Getting comfortable with uncomfortable
This past Thanksgiving is the first Thanksgiving I have been home with family in over 14 years. I tried a number of times in the past, but it never worked out. I have been looking forward to it ever since starting work here in June and I had a really nice time.
A lot has changed over the years. There were no social media in 2004, at least not as it exists today. Online relationships were taboo. Now, it seems face-to-face relationships are becoming more and more disconnected. We are free to pick and choose who we allow into our orbit. The issues that divide people have always been there. But social media put us all into a pressure cooker and turned it up to eleven, forcing us to confront, and often avoid, our differences.
With all of these different voices and perspectives flying around, it should come as no surprise to anyone when things get weird. Particularly these last few years as the divisive rhetoric surrounding Presidential elections, racial tensions, violence, LGBTQ awareness, and myriad hot-button issues that seem to rile some people up. Add on top of that, the lines between what you can and can’t say and do have gotten really blurry. No matter what your views are, many seem emboldened by the idea that their opinion might be heard.
It’s our right. Freedom of speech and all that.
It can be difficult to know if it’s taken too far. When there’s something going on that you may disagree with, sometimes remaining silent isn’t an option when emotion takes over. They say don’t drive angry. Maybe we should say don’t tweet angry.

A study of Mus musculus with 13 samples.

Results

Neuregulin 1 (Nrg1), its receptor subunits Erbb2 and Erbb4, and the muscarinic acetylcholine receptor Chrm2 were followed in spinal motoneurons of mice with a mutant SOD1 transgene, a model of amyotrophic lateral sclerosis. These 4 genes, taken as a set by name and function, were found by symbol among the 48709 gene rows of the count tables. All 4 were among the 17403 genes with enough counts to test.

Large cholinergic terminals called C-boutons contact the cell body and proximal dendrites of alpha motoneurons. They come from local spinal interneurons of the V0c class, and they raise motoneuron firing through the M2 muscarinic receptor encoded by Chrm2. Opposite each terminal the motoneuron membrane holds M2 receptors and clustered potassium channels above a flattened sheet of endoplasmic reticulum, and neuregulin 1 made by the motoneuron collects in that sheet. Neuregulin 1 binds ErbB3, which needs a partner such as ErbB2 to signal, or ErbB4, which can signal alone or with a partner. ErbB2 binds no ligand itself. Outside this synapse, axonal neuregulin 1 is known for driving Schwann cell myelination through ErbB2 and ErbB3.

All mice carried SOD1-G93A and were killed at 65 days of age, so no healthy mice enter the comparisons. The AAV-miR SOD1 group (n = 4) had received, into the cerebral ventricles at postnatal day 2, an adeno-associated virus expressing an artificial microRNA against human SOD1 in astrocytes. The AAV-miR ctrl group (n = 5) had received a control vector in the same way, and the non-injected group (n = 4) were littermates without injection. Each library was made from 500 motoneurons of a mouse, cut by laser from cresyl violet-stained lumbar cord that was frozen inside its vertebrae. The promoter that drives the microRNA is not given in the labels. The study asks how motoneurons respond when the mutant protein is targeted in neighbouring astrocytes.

I don’t believe we should stop, but we could listen more to each other and start learning to work together again.
You don’t believe climate change is real. Maybe you post a meme declaring your skepticism.
Your “woke” friend takes it upon themselves to school you on your ignorance.
You’re a young person struggling with thoughts about the future.
You’re the conservative uncle who seems to enjoy giving lectures on personal responsibility.
Let them be.
If you all we do is fight, round and round it goes. No one changes their mind.
It doesn’t really matter who’s right or wrong. We are human beings, each of us with a whole universe stretching out from our hearts and our minds.
So what’s the solution? No one is going to suddenly stop believing what they believe.
No one is going to say, “You know what? You have just convinced me that my life experience is invalid and I am going to see things your way now.”
Freedom of speech and the freedom to stay silent are one of our most sacred rights. The freedom to listen and empathize with others makes us human. None of us are free from consequences.
I close with a quote from the band Kansas:
“And if I claim to be a wise man, well it surely means that I don’t know.”